When your GitHub Organization was created, we recommended and implemented Shibboleth (SAML) as the authentication. We are now recommending to not use SAML. This document explains some of the reasons why.
SAML Auth and Orgs
When SAML auth is enabled for an Organization, GitHub assumes that all the auth'd users have the same rights, and will allow any of those users to join the Org. Repository access and rights are still controlled by their owners, but the Org membership can not be. Members automatically also have repo creation access inside an Org, which may be problematic.
The reason is that GitHub does not examine account information coming from Shibboleth. Shibboleth provides the info, but GitHub only relies on it's own user authorization system. The advantage of Shibboleth is that we can link a Brown user to their GitHub account, and it can provide some level of trust for the account (authentication), but the downside of not having control over Org Membership may outweigh that advantage.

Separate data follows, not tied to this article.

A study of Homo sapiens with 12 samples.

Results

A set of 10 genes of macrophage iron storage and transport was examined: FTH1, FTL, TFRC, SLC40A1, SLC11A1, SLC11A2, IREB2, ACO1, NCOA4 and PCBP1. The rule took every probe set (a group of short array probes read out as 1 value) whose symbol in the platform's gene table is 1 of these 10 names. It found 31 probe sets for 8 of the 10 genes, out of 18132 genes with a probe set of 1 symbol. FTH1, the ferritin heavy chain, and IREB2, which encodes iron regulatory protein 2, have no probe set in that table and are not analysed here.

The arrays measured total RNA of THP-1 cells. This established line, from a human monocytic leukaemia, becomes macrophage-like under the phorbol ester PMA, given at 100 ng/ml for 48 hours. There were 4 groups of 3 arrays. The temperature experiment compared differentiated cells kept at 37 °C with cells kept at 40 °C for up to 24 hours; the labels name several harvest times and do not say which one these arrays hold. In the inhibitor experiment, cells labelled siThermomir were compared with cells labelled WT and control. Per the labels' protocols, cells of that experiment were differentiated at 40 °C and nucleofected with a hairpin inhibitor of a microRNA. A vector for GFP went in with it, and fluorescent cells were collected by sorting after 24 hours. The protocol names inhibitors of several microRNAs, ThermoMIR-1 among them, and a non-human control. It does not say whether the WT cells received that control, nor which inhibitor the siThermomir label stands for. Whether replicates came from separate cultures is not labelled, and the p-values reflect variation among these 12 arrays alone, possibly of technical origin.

Using GitHub Auth
Relying on GitHub's user auth will require Org Owners validate each GitHub user for membership, rather than relying on Shib. GitHub's usernames are globally unique and will likely NOT match Brown usernames.
We strongly recommend enforcing GitHub 2 Factor Auth for non-SAML Orgs. Removing SAML will not impact members, but enforcing 2FA will remove any user who does not already have 2FA enabled on their account. For this reason, we recommend notifying users some time before enforcing 2FA so they have time to enable it. Otherwise they will be removed and need to be re-invited.